Suspension Is Not A Neutral Act – And Here’s Why
At Herefords, we quite often help companies deal with suspending their employees.
This isn’t a process anyone particularly likes, and it’s certainly not comfortable to deal with as HR personnel, but it’s something that has to be done. Over the years we have noticed one thing that tends to come up time and time again, and like all problems, it’s located where you least expect it. In the paperwork. Today we want to tell you what that issue is, and how to avoid it yourself.
‘Suspension Is A Neutral Act’
When you suspend someone, you will have to send out a letter that reiterates your disciplinary policy and explains what is happening now. A lot of companies use templates for this, and within that template there will be the line: ‘Suspension is a neutral act’
This is designed to reassure the employee that even though they are being suspended, they are not being assumed guilty or punished just yet. It’s supposed to mean that the company are investigating an allegation or suspicion, and feel the employee shouldn’t be present while they do that. It is designed to stop them interfering, but also to ensure their reputation isn’t damaged in the process. Logically, that all sounds very reasonable, but the fact is that suspending an employee is rarely a neutral act.
Suspension Is Anything But Neutral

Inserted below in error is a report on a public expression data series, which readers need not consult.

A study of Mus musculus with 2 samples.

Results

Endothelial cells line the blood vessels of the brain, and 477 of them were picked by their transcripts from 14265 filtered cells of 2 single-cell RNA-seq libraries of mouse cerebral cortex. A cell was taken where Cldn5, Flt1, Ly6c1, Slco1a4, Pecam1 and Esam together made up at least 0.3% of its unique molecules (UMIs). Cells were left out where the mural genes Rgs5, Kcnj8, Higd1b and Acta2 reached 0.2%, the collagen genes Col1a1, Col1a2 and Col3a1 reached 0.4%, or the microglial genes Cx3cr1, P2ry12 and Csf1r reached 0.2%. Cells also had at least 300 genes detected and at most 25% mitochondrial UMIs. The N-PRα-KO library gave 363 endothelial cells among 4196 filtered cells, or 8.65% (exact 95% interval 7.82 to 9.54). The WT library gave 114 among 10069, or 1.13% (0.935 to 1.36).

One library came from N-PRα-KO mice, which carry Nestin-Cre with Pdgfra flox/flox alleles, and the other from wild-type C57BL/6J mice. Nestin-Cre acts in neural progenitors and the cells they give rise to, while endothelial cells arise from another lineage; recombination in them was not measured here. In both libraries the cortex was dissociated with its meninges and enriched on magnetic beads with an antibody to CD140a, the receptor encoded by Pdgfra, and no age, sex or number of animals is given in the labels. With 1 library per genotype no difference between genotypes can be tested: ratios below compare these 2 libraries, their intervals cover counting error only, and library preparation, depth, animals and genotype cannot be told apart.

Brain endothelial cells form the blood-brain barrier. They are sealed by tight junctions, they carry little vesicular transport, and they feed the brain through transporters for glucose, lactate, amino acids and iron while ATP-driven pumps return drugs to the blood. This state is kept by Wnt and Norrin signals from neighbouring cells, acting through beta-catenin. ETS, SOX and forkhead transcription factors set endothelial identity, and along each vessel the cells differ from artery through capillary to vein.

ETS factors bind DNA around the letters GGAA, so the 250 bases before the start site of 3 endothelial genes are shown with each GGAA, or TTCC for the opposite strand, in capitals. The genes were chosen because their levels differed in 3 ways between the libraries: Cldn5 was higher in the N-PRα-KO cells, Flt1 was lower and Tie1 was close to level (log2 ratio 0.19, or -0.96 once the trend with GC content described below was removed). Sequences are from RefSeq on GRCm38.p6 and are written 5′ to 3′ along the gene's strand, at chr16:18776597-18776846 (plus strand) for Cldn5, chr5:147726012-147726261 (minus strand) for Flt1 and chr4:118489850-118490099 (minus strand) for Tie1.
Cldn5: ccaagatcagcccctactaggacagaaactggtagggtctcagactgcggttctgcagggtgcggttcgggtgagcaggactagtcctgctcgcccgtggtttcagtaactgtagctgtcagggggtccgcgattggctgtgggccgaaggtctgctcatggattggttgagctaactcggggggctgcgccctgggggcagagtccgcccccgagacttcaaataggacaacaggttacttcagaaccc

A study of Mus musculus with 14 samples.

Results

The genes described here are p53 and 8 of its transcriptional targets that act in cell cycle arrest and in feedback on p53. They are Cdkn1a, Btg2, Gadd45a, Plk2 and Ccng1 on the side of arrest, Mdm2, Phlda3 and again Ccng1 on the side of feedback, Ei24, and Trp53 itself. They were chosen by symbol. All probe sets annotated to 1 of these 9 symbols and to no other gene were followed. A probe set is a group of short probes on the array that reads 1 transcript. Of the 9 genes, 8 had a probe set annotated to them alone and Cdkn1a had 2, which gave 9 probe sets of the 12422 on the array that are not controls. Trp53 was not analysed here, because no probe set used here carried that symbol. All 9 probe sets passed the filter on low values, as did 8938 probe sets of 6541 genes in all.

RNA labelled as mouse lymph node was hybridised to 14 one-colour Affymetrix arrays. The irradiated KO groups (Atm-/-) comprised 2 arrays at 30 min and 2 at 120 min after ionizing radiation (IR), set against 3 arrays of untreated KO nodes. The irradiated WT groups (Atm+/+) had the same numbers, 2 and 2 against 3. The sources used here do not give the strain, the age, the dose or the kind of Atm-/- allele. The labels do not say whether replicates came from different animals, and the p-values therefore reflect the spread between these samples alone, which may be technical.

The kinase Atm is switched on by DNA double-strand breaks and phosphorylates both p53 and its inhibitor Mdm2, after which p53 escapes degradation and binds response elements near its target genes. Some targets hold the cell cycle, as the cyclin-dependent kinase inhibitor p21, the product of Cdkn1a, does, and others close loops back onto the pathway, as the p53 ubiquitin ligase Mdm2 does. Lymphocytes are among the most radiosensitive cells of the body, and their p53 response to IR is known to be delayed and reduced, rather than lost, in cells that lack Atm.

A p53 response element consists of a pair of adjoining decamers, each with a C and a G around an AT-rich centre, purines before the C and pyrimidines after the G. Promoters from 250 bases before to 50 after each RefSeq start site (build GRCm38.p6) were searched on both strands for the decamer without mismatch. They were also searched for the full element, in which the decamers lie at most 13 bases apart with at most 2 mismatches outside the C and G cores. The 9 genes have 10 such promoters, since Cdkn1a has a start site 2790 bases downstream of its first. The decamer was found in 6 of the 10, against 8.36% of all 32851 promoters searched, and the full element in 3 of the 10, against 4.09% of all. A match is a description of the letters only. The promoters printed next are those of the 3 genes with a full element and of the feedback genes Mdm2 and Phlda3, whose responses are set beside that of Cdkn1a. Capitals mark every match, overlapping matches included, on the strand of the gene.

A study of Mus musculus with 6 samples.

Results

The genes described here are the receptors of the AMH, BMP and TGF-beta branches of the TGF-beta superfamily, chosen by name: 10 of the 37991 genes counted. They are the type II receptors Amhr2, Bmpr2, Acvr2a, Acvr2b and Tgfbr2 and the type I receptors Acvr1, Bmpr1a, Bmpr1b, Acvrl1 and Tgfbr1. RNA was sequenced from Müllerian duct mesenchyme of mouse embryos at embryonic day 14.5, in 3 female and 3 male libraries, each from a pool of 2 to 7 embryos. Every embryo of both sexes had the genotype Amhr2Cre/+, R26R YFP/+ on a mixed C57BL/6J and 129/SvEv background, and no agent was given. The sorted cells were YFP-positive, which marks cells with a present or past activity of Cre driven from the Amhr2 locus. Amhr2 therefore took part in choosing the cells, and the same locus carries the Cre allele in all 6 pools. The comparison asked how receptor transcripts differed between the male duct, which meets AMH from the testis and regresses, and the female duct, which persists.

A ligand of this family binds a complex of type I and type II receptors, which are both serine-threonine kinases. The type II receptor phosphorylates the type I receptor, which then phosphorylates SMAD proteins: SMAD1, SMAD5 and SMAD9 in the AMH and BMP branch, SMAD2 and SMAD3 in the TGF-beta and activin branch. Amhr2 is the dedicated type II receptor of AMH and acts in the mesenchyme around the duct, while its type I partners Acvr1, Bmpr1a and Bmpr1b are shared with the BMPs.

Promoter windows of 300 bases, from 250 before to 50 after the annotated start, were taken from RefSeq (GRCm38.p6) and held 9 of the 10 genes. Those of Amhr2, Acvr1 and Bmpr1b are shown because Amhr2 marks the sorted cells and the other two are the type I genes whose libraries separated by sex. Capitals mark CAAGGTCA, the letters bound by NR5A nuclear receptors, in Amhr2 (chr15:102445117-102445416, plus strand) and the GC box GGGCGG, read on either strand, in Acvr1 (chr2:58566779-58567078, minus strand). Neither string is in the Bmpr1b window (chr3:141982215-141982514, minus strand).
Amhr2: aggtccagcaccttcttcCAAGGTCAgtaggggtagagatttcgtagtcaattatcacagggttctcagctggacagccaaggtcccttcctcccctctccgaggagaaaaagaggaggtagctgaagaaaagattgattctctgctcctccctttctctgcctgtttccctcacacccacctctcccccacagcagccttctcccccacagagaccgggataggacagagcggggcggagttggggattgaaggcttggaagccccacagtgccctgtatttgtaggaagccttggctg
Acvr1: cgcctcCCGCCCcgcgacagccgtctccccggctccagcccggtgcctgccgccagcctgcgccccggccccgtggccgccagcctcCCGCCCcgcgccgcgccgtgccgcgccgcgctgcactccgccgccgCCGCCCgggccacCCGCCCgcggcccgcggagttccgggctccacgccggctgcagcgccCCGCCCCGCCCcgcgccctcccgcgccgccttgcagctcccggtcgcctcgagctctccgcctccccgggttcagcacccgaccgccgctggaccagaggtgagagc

When an employee is suspended, everyone who comes into contact with them knows they have been suspended. From colleagues to clients and suppliers, they assume the employee must have done something seriously wrong in order to warrant a suspension. This alone takes the suspension away from being neutral, to being something detrimental and punitive.
This is currently being showcased in the case of Agoreyo v London Borough of Lambeth. Ms Agoreyo was a schoolteacher, and was suspended following an allegation of unreasonable behaviour. During her suspension she resigned, and challenged the legal grounds of the suspension. While she lost the original case, an appeal is now being heard by the Crown Court, who think the suspension was a ‘knee-jerk’ reaction to the allegations and a punitive measure, not a neutral one. The case is still going on now, and it’s one that could be very important for solicitors and HR professionals to take note of.
Or for more information on handling issues in the workplace, you can get in touch with us and book your free consultation.